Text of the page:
Say What Now? Fired NYPD Officer Who Asked a Woman Out After He Arrested Her Is Suing to Get His Job Back |

Say What Now? Fired NYPD Officer Who Asked a Woman Out After He Arrested Her Is Suing to Get His Job Back

A NYPD officer who was fired after he asked out a woman he arrested is now suing to get his job back.

He argues that police officers have done far worse without being terminated.

via NYDN:

Former NYPD Officer Rory Santiago exchanged a series of texts with Kammie Sifonte after he cuffed her for allegedly shoplifting from Target on Nov. 21, 2016.

Sifonte was given a “desk appearance ticket” and released from the 52nd Precinct.

Shortly after, he checked in with her to make sure she “found the car” and added, “you owe me donuts.”

“Time and date and you got it,” she responded. “We are birthday buddies.”

Santiago suggested they meet later that day but she declined.

“I’ve had enough drama lmao,” she texted.

She later asked the cop if he often flirted with people he arrested.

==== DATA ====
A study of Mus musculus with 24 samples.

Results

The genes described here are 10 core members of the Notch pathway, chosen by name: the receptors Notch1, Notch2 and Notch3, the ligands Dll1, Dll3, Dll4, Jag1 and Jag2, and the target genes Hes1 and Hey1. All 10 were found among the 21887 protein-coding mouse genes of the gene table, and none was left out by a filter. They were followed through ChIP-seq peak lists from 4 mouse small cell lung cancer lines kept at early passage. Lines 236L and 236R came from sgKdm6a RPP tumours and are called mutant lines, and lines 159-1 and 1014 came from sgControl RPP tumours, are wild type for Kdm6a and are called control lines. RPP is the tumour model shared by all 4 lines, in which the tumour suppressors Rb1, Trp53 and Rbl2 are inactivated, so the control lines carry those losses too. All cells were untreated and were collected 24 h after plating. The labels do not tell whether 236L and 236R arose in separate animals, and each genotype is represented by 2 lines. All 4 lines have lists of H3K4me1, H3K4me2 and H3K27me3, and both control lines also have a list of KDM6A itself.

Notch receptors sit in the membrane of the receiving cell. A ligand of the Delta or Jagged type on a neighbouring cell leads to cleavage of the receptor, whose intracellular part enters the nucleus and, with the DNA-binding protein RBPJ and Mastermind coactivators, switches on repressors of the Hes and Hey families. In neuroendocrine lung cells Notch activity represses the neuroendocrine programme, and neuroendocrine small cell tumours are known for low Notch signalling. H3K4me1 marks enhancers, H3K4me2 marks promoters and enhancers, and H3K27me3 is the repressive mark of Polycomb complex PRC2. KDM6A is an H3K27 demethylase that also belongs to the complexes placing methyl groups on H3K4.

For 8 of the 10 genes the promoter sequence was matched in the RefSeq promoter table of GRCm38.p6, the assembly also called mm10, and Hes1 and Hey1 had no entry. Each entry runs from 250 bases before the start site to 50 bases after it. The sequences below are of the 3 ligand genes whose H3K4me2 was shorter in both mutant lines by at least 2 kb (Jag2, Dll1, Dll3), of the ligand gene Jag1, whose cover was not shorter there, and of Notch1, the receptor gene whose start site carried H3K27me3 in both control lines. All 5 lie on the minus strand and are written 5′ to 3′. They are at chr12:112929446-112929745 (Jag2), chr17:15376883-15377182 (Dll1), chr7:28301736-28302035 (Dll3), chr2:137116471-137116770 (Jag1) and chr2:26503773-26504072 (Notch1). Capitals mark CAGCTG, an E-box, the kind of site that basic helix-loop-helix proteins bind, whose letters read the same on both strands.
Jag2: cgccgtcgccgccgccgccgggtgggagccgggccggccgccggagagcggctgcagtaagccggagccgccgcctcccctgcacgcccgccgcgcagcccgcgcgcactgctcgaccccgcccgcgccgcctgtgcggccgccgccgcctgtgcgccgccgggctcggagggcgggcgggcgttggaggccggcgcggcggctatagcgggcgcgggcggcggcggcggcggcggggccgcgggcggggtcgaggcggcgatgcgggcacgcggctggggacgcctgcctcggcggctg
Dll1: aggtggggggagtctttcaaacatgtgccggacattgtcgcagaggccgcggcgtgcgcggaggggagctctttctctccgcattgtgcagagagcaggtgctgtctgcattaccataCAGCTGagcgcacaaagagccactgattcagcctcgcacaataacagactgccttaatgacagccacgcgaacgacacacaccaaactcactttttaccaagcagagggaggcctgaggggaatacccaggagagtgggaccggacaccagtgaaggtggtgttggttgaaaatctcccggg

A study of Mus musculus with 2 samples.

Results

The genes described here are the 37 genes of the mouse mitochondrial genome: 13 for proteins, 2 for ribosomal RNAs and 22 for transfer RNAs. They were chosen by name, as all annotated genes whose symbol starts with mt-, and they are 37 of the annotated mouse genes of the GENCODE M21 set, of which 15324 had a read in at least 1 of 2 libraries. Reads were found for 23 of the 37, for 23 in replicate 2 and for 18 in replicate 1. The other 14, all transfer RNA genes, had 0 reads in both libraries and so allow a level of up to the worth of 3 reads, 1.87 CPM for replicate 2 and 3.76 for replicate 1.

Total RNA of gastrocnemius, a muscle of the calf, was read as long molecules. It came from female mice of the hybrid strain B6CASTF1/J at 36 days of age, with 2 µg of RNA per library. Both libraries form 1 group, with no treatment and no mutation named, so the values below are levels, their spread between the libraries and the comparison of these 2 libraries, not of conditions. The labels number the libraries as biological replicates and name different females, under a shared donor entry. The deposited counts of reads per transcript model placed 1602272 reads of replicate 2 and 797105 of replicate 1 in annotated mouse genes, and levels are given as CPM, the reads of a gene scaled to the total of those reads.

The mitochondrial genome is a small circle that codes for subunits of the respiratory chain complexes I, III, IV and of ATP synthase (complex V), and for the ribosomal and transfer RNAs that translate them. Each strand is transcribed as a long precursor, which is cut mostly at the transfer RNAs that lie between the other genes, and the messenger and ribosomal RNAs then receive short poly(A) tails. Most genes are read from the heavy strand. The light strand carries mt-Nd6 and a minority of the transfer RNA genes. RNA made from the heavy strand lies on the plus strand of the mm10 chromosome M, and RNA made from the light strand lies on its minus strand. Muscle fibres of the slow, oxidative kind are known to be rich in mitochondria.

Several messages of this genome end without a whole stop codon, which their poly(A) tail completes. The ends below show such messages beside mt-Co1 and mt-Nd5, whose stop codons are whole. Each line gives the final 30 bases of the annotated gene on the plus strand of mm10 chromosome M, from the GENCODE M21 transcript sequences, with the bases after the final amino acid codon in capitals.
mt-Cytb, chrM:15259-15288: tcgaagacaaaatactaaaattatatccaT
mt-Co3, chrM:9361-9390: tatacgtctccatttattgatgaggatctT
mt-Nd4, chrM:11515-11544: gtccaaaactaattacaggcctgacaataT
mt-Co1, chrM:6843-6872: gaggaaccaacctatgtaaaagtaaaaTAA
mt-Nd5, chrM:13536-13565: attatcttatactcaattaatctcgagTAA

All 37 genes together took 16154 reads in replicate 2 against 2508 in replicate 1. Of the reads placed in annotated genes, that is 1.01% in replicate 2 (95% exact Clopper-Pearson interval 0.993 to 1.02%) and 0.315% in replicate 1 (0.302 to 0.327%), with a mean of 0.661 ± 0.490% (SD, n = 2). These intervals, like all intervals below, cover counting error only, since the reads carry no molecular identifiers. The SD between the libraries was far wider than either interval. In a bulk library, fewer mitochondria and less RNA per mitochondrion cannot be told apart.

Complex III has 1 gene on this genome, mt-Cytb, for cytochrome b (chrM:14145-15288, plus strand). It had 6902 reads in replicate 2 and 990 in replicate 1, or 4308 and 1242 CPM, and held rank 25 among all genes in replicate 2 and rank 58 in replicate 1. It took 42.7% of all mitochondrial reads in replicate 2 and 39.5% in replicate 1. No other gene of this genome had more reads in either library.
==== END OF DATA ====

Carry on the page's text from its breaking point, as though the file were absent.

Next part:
“Only the attractive ones” he replied, adding that he thinks “u look better with the cuffs on.”

The texts later became raunchy, with him writing that he loves “a woman who could sit on my face.” He also said she was “thick in all the right places” and volunteered to rub her “in all the right places.”

Santiago was fired by the NYPD in June.

His lawsuit in Manhattan Supreme Court argues that decision was “arbitrary and capricious” because officers who did much worse have been allowed to remain on the force.

That includes Officer Joseph Essig, who was caught on video at Harrah’s Casino in Atlantic City in October 2015 apparently pinching a woman’s buttocks.

Essig plead guilty to a public health violation and was allowed to remain on the force. Critics of the NYPD’s disciplinary system believe he was given a relative free pass because his father is Assistant Chief James Essig.

Sifonte, whose criminal charges were dismissed and sealed, filed a lawsuit against the NYPD for “in excess of $25,000” in November 2017. The court papers allege she was afraid of offending Santiago and played along with his texts.

The Bronx Supreme Court case is pending.

“Ronny Santiago is not fit to be a Police Officer,” said Sifonte’s lawyer, Henry Bell. “ You can see what he did. He lacked the judgment to be a Police Officer.”

He definitely crossed a line — do you think he should’ve been fired? Check out screenshots of his messages below.